January 14, 2022

If you’re pregnant and planning to have a midwife care for you, you might wonder what happens if you’re high risk.

While midwives routinely provide care for low-risk pregnancies, many also care for women whose pregnancies are high risk and partner with physicians who specialize in high-risk cases.

A growing number of women in the United States are choosing midwives to provide prenatal care and deliver their babies. Midwives provide care for all aspects of pregnancy, labor and delivery, as well as the postpartum period. Many women appreciate the holistic, hands-on care midwives provide.

Statistics show that the midwifery model of care — which views pregnancy and birth as natural processes — leads to fewer medical interventions, such as Cesarean sections and episiotomies.

Is My Pregnancy High Risk?

A pregnancy is high risk when either the mother, baby or both have a greater chance of experiencing complications during pregnancy or delivery. Some women are at a high risk of complications before they get pregnant, while others become high risk as the pregnancy progresses. 

Women who are at high risk before becoming pregnant include those who:

  • Are 35 or older

  • Are obese (BMI of 30 or higher)

  • Experienced problems with a previous pregnancy, like multiple miscarriages or preterm labor

  • Have pre-existing medical conditions, such as diabetes or high blood pressure.

Factors that may cause a pregnancy to become high risk as it progresses include:

  • Birth defects or genetic conditions detected during prenatal screenings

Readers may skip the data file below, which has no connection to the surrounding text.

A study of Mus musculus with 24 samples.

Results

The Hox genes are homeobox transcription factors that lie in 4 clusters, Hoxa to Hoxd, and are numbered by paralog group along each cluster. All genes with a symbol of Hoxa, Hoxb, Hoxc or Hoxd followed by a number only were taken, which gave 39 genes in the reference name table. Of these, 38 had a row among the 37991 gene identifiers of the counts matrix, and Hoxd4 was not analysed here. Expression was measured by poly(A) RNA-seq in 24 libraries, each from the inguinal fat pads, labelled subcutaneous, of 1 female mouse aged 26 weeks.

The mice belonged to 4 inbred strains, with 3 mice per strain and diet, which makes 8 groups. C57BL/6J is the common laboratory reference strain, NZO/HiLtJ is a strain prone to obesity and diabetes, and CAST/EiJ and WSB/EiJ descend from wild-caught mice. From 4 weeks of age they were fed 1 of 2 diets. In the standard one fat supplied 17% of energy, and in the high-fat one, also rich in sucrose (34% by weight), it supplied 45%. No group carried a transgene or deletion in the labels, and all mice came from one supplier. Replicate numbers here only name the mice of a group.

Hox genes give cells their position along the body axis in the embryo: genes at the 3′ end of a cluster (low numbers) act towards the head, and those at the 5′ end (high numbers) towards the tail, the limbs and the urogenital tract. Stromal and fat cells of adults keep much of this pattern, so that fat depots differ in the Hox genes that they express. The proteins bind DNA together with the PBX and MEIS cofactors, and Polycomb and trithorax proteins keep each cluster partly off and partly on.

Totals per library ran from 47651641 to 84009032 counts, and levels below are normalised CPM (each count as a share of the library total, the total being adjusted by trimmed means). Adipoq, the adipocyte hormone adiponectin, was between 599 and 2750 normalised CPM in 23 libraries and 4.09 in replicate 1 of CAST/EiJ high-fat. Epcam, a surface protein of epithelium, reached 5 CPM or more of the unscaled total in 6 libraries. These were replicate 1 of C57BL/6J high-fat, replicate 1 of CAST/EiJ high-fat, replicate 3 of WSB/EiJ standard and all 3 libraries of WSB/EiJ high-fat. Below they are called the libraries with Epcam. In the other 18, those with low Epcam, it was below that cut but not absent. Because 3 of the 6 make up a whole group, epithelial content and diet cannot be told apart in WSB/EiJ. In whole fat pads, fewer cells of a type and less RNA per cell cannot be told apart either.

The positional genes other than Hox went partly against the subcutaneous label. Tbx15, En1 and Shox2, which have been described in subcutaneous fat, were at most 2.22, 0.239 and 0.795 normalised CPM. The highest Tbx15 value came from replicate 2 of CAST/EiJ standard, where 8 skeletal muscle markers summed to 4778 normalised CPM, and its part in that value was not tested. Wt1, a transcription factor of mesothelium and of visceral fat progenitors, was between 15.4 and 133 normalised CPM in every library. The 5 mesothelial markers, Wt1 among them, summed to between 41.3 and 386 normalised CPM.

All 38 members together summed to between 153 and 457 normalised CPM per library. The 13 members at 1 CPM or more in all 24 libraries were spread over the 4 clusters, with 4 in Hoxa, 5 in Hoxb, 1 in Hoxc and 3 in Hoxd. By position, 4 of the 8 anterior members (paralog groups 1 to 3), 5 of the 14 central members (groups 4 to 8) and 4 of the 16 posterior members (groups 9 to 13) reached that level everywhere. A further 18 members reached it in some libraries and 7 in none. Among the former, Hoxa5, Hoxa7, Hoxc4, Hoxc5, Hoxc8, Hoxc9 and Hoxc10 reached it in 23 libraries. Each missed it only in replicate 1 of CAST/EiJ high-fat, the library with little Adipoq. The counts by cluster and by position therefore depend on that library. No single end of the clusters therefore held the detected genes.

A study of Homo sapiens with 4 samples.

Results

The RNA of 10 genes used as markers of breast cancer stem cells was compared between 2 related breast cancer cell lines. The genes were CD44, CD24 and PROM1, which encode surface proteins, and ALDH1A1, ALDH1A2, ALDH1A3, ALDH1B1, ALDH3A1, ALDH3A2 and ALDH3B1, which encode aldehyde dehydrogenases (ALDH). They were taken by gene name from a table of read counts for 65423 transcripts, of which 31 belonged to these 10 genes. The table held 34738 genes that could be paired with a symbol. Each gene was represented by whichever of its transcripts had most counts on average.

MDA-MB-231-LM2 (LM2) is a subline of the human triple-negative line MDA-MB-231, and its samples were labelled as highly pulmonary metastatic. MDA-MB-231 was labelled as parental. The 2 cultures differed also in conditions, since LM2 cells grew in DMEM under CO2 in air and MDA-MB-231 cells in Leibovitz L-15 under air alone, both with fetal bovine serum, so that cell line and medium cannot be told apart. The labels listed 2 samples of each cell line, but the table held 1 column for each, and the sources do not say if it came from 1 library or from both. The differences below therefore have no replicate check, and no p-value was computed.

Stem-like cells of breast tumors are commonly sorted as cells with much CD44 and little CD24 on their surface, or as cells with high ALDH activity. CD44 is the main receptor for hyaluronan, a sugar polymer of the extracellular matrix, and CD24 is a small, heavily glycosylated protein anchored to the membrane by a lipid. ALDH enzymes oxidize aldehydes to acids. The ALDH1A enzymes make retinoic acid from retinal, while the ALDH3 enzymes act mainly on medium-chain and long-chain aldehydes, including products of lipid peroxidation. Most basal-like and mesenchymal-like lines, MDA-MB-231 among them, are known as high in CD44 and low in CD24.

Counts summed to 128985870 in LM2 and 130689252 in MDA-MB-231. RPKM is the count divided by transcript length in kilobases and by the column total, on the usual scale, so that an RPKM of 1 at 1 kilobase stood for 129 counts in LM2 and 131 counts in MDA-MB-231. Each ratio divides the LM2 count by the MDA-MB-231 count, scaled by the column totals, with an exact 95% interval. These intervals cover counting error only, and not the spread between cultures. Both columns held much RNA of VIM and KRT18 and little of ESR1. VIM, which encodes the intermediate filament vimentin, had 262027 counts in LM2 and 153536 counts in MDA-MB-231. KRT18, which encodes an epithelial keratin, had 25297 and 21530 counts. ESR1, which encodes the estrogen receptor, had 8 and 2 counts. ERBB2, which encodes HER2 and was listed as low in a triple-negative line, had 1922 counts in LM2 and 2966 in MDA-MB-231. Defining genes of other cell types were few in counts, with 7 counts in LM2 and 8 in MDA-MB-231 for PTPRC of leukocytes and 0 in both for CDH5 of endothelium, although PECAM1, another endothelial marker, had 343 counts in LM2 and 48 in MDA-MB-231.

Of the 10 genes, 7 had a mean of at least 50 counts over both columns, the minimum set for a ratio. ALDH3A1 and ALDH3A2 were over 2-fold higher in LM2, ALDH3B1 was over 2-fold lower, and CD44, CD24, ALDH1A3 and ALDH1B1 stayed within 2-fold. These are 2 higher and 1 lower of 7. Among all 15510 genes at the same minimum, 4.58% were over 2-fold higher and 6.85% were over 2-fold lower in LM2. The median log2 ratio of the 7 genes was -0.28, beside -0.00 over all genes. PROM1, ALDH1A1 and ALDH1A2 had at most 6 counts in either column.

• Carrying multiple babies

  • Gestational diabetes

  • Preeclampsia, high blood pressure that develops during pregnancy. 

Having a high-risk pregnancy does not automatically mean you or your baby will experience problems. More likely, it means you will require additional monitoring, such as bloodwork and ultrasounds, or may need medical interventions during labor and delivery.

How Midwives Care for High-Risk Pregnancies

Midwives care for women experiencing high-risk pregnancies, such as expectant mothers who are older than 35, are carrying multiples or have pre-existing medical conditions. 

When a high-risk pregnancy requires more medical management, midwives often work with physicians who have special training in high-risk pregnancy care, such as OB-GYNs and maternal-fetal medicine specialists.

Your midwife will work with you and physicians as a team to ensure the best outcome for you and your baby during pregnancy and postpartum. 

When a Low-Risk Pregnancy Becomes High-Risk

If health concerns develop during your pregnancy while under the care of a midwife — like preeclampsia or gestational diabetes — your midwife will consult with physicians who have special training in high-risk pregnancies.

Your midwife will continue to play an integral role as a member of your care team, even if your care is transferred to these specialists. Your midwife and the physicians will work collaboratively to establish a care plan for your pregnancy. This may include additional prenatal appointments, screening tests, prescription medications, or planning a C-section, depending on the factors that make your pregnancy high-risk.